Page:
I have a pet peeve.
While the digital age has spawned technology that enables organizations and individuals to do more with a laptop, tablet or phone today than a mainframe computer in its heyday, I think this positive progress has led us to become somewhat lazy about the original reasons for these advances.
There — I said it. As blasphemous as this may sound, I began my career in the ‘80s, and I remember a world of paper-based phone messages and no email. For learning and talent practitioners, I make this assertion so that we all remember to breathe a sigh of relief the next time we are asked to develop a training plan, job descriptions and any other underlying human capital support requirements for said technology.
As such, I suggest that we shift our focus toward performance outcomes and process definition with technology as an enabler of a better user experience, faster organizational scale and data capture for analysis purposes. Simply put, defining what we want to achieve, establishing the process and then selecting the best technology to fulfill those objectives is key.
Let’s turn to some practical examples that learning and talent practitioners experience on a regular basis.
First, consider the science of instructional system design as a core practice for any learning organization. Developed by Robert Gagne for the Department of Defense during World War II to more effectively train pilots, this structured system is the basis for curriculum analysis, design and evaluation. As such, the training for instructional systems designers involves a bachelor’s or advanced degree combined with ongoing professional development, thereby underscoring the specific expertise required for these practitioners.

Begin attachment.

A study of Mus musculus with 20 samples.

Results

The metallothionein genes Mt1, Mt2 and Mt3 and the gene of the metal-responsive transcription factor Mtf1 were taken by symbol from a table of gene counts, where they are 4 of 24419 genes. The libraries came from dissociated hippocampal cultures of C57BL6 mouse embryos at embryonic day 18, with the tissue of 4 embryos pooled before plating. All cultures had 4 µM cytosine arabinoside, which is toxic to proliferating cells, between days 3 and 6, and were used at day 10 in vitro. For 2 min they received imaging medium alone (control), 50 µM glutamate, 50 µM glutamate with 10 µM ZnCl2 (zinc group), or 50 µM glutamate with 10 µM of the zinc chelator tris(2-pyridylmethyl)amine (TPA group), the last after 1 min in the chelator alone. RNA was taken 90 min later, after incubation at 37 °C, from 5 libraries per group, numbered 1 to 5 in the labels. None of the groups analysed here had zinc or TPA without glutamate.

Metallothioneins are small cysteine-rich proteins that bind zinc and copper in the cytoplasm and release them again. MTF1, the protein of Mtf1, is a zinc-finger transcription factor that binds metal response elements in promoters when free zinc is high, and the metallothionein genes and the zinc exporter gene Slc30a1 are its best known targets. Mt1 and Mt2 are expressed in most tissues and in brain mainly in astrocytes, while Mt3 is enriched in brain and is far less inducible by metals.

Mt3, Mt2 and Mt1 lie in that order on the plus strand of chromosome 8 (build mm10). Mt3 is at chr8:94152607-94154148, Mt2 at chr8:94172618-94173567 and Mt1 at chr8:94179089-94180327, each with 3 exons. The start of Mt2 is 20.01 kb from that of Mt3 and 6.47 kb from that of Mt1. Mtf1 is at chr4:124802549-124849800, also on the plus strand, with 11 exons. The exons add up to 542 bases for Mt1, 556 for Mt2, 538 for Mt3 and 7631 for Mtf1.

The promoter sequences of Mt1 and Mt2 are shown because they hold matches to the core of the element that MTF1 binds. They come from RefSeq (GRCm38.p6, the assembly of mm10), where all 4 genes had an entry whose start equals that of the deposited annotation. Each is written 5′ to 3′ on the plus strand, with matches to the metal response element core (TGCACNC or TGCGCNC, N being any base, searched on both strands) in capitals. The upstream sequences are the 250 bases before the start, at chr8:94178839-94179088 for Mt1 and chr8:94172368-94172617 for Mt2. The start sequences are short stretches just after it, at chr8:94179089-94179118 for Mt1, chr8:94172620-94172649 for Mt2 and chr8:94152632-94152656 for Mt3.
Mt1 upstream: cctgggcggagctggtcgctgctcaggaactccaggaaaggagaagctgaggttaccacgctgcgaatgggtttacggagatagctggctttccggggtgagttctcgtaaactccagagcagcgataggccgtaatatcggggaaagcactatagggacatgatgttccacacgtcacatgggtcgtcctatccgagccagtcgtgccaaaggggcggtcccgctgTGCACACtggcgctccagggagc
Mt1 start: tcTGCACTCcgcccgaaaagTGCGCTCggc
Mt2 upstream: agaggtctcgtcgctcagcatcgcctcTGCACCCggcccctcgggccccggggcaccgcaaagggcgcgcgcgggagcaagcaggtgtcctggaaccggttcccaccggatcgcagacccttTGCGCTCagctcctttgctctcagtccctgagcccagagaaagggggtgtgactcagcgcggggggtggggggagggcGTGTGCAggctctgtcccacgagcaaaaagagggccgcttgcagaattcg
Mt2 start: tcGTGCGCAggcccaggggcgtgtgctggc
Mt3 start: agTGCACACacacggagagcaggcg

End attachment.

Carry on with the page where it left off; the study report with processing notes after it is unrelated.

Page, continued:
Further, back in the late ‘90s with the advent of eLearning, I remember a temporary panic among learning and development practitioners who believed the days of classroom training would soon be gone as this new technology began to proliferate our world of binders and course books. Well, it looks like our classrooms are safe and the lesson learned by practitioners was that no singular learning methodology would prevail; instead, blended-learning solutions combining multiple techniques would become the norm.
Second, the rapid growth and sophistication of talent management systems to support and link human capital processes such as talent assessments, performance management and competency-based curricula has created more fertile ground for this debate over technology versus process.
Consider the positive progress made by these system providers and the need to create a positive user experience in the current digital age where one-click ease of use is assumed juxtaposed with processes to assess and manage organizational talent. For example, as easy as it is to select a rating for an employee’s performance review, the pre-work to calibrate performance relative to peers and gather objective feedback forms the management structure and process that is enabled by a technology platform.
I recall some years ago switching from a paper-based performance management system to an online one. During the implementation a manager proclaimed, “This is great—now I can just send my team their performance reviews so I don’t have to speak with them.” While potentially efficient, this knee-jerk reaction exemplifies the possible negative consequences of technology trumping a well-thought-out, sustainable set of processes.
As I reflect on the relationship between technology and process, perhaps the best approach is “go slow to go fast.” Taking time to clearly articulate desired outcomes and to follow the required steps so technology can facilitate reaching those objectives will lead to a higher-quality user experience.
Take the case of my early career experience without email and the speed at which we are now able to communicate on a global scale. Even with this technological advancement, one has to consider the most effective message, identify the stakeholders and then act on the dispatch. To this end, no matter which technology is used, the front-end investment to think through objectives beats technology every time!
Dave DeFilippo is chief learning officer for Suffolk. He can be reached at editor@CLOmedia.com.